Welney WWT. Norfolk. February 2010.

Welney, well it was bloody cloudy as hell ( not fore casted - surprise surprise ), bloody cold and bloody windy, but what the heck that's just my luck as usual. And why do they open at 10am, most of the activity is done by then, madness!
Obviously I had gone to photograph the swans and I was shocked at how few there were around. Whether due to to a lot of high water and flooding they were more dispersed? there were not even the usual back and forth flights in front of the hides, very different from previous years.

With the hide to myself I set about trying for images on what was available as and when the light broke through. A solitary Lapwing posed well enough and a single Snipe put in an appearance, albeit a tad far off. But I was glad that the stunning colours of the Lapwing stood out so much in the shots.

And because I was in one of the hides off the main observatory the Wigeon there were more confiding. They are such a lovely duck, but another side of them was seen when a group of males were trying to 'propose' to a single female.

They would all congregate in a close knit group and try to gain her attention, it seemed one male was already the partner and would fend off any rival upon nearing her. But the mass of drakes around made it end up in a splashing frenzy of wings, with ducks being submerged chased off and bullied.

The female would then take flight ahead of the noisy chasing party only to land some distance away for the whole chaotic display to start again. Whilst this was happening the others were busily feeding on submerged grasses and weeds.

The Pochards are one of my favourites, the colour of the heads are so striking against the grey and black, and that piercing red eye too.

The Mallard and Tufted may be common but who can deny how glorious the head colours can be when the sunlight shines just right.

A few Whoopers ventured closer to one of the hides and I chanced at some close up head shots as something different.

The best part of the five hours spent here were the Black tailed godwits. They were on a scrape a way off at first but when spooked they would congregate into a tight knit group and venture closer as they flew round and round before settling down. I love to photograph waders and this was a great experience reminiscent to the hordes at Snettisham but on a very smaller scale. Unfortunately they landed on a further off scrape and seemed content to sleep it off.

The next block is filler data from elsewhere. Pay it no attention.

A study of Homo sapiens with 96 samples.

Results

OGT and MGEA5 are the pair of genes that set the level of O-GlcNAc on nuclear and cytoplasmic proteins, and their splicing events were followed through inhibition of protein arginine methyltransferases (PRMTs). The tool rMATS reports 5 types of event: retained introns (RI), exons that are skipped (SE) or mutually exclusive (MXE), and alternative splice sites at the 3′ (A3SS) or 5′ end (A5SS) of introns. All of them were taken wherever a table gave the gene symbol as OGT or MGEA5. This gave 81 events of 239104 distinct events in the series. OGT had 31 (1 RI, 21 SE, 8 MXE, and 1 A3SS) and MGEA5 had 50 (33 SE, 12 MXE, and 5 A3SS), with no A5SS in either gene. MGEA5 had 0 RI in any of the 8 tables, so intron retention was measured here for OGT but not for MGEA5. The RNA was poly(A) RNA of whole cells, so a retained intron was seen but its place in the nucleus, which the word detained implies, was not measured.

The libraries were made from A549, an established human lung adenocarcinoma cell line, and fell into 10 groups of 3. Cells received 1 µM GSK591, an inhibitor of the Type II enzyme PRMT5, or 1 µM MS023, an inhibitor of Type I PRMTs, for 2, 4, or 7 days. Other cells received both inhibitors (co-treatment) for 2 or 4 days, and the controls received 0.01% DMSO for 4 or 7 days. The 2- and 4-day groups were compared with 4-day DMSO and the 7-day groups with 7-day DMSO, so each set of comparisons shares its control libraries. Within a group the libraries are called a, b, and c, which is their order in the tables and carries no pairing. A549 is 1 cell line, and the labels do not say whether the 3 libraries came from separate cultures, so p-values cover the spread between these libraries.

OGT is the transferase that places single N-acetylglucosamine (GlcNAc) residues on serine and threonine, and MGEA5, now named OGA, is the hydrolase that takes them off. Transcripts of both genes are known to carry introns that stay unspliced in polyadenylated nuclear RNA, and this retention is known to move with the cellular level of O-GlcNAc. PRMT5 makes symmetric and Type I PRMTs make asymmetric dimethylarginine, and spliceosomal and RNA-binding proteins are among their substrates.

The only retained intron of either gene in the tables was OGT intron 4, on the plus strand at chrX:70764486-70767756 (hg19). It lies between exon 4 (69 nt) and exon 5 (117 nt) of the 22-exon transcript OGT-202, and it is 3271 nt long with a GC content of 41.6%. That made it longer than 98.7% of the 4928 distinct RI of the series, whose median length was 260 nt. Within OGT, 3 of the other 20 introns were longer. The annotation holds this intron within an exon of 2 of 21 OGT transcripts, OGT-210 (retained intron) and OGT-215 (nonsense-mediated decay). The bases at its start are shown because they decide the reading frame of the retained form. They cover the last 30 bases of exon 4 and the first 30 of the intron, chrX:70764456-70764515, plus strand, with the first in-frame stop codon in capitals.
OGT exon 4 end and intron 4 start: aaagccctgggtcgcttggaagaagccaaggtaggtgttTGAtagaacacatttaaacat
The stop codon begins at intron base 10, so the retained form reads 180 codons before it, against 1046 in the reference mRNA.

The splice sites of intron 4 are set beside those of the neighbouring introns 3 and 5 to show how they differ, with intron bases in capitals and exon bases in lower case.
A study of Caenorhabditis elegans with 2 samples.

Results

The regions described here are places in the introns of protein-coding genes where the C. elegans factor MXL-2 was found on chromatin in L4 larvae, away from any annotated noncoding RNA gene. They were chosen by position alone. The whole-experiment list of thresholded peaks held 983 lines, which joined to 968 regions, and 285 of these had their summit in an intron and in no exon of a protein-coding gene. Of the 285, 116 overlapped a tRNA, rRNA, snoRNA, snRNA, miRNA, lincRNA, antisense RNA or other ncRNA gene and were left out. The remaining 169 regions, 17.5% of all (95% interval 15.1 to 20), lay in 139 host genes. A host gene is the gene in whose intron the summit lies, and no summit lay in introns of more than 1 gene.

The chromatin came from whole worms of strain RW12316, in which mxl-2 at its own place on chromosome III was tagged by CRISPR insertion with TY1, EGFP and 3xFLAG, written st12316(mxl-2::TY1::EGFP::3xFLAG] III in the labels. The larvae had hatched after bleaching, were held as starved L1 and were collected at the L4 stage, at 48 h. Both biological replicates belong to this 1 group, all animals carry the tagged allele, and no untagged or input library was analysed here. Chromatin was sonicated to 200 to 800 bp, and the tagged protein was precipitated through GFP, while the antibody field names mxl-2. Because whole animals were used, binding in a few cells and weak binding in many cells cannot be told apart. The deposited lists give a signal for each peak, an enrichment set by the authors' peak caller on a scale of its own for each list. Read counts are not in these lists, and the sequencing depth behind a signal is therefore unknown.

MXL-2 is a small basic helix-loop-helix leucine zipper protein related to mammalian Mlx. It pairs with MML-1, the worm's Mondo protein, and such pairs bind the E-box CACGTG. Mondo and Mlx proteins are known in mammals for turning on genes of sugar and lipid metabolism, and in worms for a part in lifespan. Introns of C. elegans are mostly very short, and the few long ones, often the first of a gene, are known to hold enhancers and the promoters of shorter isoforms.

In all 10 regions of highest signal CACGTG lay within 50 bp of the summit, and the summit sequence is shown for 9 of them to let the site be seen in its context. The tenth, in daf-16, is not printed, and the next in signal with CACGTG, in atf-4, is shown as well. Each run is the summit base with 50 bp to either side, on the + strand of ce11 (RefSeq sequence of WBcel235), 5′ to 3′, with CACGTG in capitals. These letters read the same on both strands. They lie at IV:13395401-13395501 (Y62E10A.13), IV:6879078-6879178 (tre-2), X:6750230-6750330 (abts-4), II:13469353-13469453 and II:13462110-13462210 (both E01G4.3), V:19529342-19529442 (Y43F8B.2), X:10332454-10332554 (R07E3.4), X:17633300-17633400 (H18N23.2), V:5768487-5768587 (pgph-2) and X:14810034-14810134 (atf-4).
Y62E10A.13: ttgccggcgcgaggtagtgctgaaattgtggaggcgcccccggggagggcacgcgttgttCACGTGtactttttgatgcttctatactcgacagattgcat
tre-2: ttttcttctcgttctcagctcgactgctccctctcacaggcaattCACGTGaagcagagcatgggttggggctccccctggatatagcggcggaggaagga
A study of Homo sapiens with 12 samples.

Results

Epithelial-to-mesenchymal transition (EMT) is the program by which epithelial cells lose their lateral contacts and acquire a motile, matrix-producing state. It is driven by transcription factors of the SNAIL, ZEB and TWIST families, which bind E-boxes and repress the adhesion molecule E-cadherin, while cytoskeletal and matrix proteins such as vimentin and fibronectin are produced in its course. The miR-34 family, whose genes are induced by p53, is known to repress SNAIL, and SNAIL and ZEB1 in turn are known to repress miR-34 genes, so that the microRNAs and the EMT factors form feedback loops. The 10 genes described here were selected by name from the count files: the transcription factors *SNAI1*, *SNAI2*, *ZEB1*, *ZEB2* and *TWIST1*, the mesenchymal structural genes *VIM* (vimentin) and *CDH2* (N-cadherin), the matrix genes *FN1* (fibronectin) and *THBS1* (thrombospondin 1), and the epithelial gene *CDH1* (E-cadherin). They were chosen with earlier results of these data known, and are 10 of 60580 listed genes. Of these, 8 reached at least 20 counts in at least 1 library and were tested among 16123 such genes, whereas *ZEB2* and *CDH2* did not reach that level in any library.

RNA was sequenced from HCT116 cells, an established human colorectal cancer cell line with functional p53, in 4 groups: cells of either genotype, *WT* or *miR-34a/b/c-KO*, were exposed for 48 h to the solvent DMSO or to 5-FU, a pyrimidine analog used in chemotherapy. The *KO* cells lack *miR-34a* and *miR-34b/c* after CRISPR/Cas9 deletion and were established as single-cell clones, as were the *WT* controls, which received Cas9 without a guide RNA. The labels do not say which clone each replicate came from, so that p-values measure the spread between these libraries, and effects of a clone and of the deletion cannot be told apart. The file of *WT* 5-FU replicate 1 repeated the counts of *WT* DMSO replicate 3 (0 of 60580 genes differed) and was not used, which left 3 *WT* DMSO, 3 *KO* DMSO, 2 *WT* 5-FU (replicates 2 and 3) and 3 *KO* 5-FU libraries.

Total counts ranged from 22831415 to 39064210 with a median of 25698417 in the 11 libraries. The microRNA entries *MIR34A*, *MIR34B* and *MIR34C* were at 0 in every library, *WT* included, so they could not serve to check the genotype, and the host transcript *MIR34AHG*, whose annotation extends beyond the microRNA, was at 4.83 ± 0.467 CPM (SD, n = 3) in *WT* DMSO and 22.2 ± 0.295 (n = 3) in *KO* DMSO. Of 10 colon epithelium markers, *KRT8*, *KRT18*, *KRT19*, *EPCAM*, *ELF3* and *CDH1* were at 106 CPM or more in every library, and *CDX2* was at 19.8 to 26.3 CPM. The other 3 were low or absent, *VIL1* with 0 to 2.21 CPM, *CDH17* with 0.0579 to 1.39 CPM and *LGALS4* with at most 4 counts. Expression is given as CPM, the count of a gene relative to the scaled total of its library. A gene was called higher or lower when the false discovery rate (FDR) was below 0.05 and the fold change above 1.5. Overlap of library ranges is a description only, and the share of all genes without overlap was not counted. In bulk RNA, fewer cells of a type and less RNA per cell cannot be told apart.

Snettisham.Norfolk.1st February 2010.

The only decent weather wise day to be fore casted over my days off work and so I headed to Snettisham, mainly to try and photograph the 2 shore larks there, but also the waders which I love to work with.

The tide was in on arrival, half hour behind due to a 40mph lorry-cheers, and quite choppy. I hadn't seen it in this far for a while and the waders were swarming everywhere, albeit further up the wash and over towards Lincs'. But still a great sight no matter how far away. Also did I say it was a bit chilly,no, well it was bloody chilly. Having to have my shutter finger free using mitts wasn't great, even with thermal liners. At one stage my nose actually hurt from the cold, must remember the scarf, you fool...

A merganser was busily hunting fish on the first pool and showed reasonably well, when it was above the water that is.

I never tire of waders and they always become obliging once you've taken your time to approach and work with slowly. Knots are so good to work with and one particular bird could of been a pet on a leash, it shadowed me along the waters edge at times so close I could not focus, but a wonderful experience and everything else around you just fades away to the sidelines.

All the while there I had of course kept an eye out for the shore larks, I came across them just the once and they soon flitted back along towards the chalets out of sight. But after a few hours working the same stretch, a birder gave me the nod and declared 'shore lark', in fact they were closer to me than him, I just couldn't pick them out.

And then they move and you are able to follow them. There were a few birders present so not wanting to put them both up I fired off a couple of record shots and then waited some time until a few of the birders had moved on before slowly edging closer to a more visible area. With the light behind me I inched closer and still feeding one bird actually came closer to me. Obtaining a decent set of images I left them to it. Happy with my first set of shore lark images in the bag, I was feeling a tad warmer now.